By Pankaj Chowdhry
, PC Week
Those looking for humor in the networking industry will be hard pressed to find something to chuckle about. Between fiber distributed interfaces and Border Gateway Protocols, not many people at IETF meetings end up busting a gut.
But while the industry itself doesn't offer any humor, the guys behind the curtain—the ones making the standards—can be more entertaining than any Jerry Lewis movie. The funniest zinger to come out of a standards body is the new Wireless Application Protocol, or WAP.
WAP, which industry pundits say will be installed in more than 25 million devices in the next couple of years, will let you access your toaster from your cell phone. WAP is based on XML and promises anytime, anywhere access to data from a variety of devices.
But one company has decided that it wants to make a nickel every time we decide to dial up our toasters. GeoWorks is claiming to have patents on two key areas: WAP and Wireless Markup Language. And after reading the patents, I've concluded the company probably does.
I have nothing against patents. Further, I have nothing against GeoWorks; it invested a significant amount of money in developing the technology and should be compensated. I start to have issues when a standards organization is willing to bless an "open standard" that contains patented intellectual property. As long as the current legal environment prevails, companies will have to file patents.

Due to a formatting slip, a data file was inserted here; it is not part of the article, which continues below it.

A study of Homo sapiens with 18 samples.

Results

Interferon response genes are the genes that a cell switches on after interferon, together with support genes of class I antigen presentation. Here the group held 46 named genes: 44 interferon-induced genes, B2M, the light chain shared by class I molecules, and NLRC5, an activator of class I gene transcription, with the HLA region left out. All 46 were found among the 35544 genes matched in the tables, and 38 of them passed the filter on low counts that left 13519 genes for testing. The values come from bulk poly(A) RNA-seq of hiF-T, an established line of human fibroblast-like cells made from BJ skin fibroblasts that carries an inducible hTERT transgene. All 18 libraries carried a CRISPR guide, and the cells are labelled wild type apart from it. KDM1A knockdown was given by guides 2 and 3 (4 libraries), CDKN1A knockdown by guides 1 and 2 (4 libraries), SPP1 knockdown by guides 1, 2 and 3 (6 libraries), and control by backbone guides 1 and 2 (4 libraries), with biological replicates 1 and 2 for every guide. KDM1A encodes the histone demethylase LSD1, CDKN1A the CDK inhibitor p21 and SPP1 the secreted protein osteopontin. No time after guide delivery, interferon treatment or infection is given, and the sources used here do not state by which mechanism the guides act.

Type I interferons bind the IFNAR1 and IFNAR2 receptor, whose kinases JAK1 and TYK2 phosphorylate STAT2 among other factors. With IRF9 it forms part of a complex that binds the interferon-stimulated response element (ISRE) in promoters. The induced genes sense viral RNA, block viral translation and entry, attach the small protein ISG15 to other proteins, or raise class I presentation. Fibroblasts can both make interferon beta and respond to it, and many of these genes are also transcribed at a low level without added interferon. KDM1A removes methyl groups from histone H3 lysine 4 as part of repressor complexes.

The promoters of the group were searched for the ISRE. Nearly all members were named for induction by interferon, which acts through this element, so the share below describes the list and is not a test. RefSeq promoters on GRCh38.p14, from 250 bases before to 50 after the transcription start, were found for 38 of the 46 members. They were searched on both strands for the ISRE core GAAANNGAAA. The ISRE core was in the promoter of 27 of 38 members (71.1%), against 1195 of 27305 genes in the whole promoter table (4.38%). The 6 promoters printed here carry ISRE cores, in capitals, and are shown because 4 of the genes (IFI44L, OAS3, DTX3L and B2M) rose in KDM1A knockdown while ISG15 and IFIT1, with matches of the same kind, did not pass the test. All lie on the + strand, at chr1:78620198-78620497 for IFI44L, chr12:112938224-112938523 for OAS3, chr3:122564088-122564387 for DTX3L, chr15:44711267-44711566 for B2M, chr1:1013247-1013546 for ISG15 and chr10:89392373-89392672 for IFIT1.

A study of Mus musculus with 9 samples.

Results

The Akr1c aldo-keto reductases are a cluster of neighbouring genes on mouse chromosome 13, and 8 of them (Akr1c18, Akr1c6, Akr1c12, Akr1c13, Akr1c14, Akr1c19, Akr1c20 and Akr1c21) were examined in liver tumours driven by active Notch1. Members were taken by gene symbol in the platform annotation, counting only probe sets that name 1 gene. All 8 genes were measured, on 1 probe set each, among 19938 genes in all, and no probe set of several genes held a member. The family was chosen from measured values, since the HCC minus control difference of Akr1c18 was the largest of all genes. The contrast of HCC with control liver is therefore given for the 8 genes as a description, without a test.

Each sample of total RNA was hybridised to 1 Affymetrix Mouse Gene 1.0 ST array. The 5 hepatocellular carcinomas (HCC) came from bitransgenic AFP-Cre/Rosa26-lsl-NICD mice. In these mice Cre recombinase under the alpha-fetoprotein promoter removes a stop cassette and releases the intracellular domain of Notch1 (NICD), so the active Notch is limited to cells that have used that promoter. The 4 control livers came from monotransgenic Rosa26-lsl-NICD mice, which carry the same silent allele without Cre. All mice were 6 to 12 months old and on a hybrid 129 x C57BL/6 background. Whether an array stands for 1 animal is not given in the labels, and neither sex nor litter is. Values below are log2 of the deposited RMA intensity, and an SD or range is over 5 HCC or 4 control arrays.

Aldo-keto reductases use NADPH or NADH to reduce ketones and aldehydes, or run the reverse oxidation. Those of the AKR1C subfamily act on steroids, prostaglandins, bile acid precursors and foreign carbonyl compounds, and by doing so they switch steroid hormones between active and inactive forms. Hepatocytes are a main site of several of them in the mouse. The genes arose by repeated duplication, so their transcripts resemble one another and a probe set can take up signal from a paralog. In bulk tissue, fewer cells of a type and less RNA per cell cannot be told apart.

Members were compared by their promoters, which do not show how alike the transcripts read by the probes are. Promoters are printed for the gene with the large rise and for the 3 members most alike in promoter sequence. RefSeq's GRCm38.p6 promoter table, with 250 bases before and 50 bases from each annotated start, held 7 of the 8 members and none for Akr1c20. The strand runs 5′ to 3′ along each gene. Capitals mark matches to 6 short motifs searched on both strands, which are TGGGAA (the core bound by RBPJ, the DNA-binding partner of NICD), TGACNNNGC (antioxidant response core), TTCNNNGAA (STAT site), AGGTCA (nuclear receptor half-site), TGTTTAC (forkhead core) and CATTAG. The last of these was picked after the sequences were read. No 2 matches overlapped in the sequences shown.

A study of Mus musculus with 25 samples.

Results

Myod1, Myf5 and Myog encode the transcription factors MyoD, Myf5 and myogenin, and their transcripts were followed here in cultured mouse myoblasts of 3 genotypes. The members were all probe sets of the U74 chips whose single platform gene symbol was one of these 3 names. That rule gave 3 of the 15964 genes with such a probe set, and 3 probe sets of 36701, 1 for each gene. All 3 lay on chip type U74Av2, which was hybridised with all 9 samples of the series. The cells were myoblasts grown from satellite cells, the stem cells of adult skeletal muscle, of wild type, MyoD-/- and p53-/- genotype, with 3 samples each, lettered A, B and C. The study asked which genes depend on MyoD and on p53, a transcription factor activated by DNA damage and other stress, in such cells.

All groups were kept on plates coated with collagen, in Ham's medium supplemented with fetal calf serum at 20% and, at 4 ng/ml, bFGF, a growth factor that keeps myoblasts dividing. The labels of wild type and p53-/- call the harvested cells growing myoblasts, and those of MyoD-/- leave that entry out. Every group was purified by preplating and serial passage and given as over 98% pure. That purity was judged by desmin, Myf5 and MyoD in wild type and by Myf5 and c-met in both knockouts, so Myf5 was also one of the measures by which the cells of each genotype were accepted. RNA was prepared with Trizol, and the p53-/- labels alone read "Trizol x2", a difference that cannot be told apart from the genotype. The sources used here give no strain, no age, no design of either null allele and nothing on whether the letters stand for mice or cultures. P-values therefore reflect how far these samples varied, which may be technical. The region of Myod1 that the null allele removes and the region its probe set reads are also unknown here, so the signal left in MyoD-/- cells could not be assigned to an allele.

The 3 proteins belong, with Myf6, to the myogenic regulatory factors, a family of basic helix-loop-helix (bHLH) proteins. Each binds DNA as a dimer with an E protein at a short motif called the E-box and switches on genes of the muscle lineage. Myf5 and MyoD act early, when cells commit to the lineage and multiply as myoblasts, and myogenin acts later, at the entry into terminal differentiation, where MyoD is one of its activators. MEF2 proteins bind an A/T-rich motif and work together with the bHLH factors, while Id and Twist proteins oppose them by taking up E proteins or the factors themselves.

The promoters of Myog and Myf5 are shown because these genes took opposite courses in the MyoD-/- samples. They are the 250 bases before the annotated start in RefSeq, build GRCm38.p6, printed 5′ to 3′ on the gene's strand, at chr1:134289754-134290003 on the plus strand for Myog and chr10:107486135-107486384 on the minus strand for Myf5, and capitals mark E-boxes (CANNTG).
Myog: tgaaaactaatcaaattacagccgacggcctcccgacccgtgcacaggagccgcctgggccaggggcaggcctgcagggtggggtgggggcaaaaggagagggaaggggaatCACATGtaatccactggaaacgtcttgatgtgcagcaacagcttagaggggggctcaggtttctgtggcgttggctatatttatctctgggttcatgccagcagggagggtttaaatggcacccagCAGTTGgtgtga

This is the reality of the current business climate. But why do consumers have to accept a standard that for all intents and purposes guarantees a monopoly to a company that has patented key areas of the standard? If the technology is so necessary, the company could proceed in the absence of a standard because its technology would be the only viable alternative. This would create a de facto standard driven by market forces. No harm, no foul—a company was rewarded for innovating and bringing good technology to market.
This is compounded by the fact that standards, when done incorrectly, don't benefit anyone, least of all consumers. A perfect example is the H.323 standard, which was held up by countless patent claims. Everyone from universities to Lucent wanted a piece of the action, which originally meant that anyone interested in using the standard had to negotiate with a dozen companies.
Fast-forward several years: H.323 has seen little adoption and is being discarded in favor SIP/MGCP. Will the same fate befall WAP? That depends on how painful it is for WAP companies to license the patents from GeoWorks. Just who is liable for infringement of the patent? Good question. Luckily, the folks over at GeoWorks have issued a white paper addressing that subject. They put together a nice little chart showing the different types of companies that may end up using WAP. These companies range from phone manufacturers to telecom service providers.
Surprise, surprise! GeoWorks wants 10 percent of revenues, or $1 per user. A company such as Nokia, which sells more than 10 million phones a year, may already be looking for a way to bypass the patents or simply throw the whole thing into litigation.